Glove boxes were first used in the 1940s as controlled environments for the military to research radioactive materials. These special controlled environments increased in popularity as the medical field began handling viruses and other pathogens for the creation of vaccines and pharmaceuticals.
These days, a number of glove box configurations are used in even more unimaginable ways that impact our lives. The following are just a few surprising glove box practices.
As a cooperative effort with NASA and the National Science Foundation, the U.S. funds the curation and collection of Antarctic meteorites. By studying the “stardust” on meteorites, scientists can gain insight about the formation of our solar system, and increase their understanding of the role of stars in the universe. These space rocks also contain various elements that give scientists a better understanding of the evolution, age, and composition of the solar system. By sustaining a very low-particle, low-humidity environment, Meteorite Nitrogen Glovebox Isolators eliminate the risk of processing such valuable specimens. According to NASA, the Johnson Space Center has sent 17,000 meteorite samples to over 500 scientists around the world!
Packaging Lithium Battery Electrodes
Lithium batteries are used in a number of ways that significantly impact our lives, ranging from our car and cell phone batteries, to medical and military uses. But did you know that before they are sealed, lithium battery electrodes will explode in the presence of oxygen? That’s why Lithium Battery Electrode Glove Box Isolators are vital for processing these bundles of energy. A humidity-control isolation glove box ensures the low-moisture conditions required for radio frequency (RF) sealing, and an oxygen analyzer senses oxygen levels down to one part per million (ppm). The self-balancing ionizing equipment is also vital to protect the batteries from damaging electro-static discharge.
Having handled over 155 billion parcels in 2014, the U.S. Postal Service plays an important role in public safety and security. Mailroom Gloveboxes protect personnel as they identify suspicious items and prevent harmful contents from being distributed to companies and individuals. With the recent threats of anthrax and other contaminants being spread via snail mail, keeping these processes within a sealed chamber gives some mail handlers some peace-of-mind. Mail processing is filtered to remove harmful particles and keep the area sealed when a suspected harmful article is found. Thanks to such technology and careful protocol, the percentage of adverse incidents involving suspicious items delivered through the mail has declined.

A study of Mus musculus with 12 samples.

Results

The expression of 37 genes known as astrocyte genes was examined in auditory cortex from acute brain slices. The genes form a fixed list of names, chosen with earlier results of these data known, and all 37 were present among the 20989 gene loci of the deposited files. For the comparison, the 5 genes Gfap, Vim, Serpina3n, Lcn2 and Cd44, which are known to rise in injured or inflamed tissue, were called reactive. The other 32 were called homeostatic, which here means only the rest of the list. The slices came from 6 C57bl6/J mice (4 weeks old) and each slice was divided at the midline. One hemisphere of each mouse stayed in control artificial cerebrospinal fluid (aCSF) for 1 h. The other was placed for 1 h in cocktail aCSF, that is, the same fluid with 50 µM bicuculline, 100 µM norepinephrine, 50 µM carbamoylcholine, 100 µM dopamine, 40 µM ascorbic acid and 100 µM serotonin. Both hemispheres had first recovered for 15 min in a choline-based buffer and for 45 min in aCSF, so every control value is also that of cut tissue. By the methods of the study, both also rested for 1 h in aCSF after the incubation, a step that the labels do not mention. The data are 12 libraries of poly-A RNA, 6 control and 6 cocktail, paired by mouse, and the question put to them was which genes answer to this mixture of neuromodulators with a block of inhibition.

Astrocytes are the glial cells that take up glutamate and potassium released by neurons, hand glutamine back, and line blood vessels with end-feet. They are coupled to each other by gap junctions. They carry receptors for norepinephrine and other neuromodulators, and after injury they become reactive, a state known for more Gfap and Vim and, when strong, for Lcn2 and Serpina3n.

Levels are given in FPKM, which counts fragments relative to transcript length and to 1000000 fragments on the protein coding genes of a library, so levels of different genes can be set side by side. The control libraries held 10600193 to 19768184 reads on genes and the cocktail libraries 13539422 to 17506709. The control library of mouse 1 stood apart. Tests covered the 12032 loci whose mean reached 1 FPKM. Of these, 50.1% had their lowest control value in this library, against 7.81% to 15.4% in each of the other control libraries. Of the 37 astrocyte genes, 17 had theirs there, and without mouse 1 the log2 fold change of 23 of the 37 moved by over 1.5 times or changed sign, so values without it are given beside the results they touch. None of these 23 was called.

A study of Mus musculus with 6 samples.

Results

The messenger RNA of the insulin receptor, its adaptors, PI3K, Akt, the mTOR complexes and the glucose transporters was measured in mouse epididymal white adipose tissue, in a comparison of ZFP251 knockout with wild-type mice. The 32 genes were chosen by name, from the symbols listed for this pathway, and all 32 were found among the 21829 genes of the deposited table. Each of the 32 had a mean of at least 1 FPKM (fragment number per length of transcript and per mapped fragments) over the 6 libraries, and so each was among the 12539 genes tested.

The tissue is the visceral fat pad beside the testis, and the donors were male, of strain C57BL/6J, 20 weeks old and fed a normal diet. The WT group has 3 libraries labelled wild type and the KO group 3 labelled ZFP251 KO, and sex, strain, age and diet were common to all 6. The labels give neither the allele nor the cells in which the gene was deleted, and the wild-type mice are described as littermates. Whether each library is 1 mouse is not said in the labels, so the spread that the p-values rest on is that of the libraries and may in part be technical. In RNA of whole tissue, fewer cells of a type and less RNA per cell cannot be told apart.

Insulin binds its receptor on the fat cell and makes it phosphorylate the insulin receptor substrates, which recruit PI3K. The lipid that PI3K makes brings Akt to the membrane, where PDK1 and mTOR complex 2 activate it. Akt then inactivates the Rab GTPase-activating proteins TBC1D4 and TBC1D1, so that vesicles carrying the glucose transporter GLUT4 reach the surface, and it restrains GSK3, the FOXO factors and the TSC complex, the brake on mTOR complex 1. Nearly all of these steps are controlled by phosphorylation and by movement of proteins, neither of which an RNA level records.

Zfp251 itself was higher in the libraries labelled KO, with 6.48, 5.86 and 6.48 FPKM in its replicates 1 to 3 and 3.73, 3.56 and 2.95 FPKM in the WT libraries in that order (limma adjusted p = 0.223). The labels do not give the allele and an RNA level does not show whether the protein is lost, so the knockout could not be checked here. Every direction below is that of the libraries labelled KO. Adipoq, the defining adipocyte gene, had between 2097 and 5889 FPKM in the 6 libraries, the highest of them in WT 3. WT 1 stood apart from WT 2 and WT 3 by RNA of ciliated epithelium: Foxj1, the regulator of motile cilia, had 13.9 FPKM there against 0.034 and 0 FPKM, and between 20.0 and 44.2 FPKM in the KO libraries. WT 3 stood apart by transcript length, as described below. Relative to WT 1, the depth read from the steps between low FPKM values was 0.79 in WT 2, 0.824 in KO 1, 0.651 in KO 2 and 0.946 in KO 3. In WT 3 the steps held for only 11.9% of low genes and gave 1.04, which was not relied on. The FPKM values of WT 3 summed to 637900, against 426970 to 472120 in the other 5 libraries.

Radio Frequency (RF) Sealing
Preserving artifacts, such as fossils or manuscripts, benefits many fields of study like the evolution of species and our planet’s origin and history. Fragile antiquities, as well as other delicate specimens, are preserved with the help of special RF Sealing Isolators. Vacuum antechambers dry specimens before and after they are passed through to the main nitrogen-purged glove box isolator for RF sealing. This low relative-humidity design protects items from moisture damage, while providing clear visibility and convenient operation for personnel.
This unique Terrarium glove box was designed to enhance the investigation of plant development and monitor environmental conditions that affect plant growth. The top level vents allow researchers to control carbon dioxide levels, while the air meters help keep track of oxygen build-up in the chamber. Hollow tubes that lie along the base of the isolation chamber allow easy camera access to closely observe soil quality and root growth. There are even clear plastic dividers that create four separate controlled environments within the single glove box, each featuring glove ports, air vents, and easy access doors. This glove box is ideal for experimentation with flora.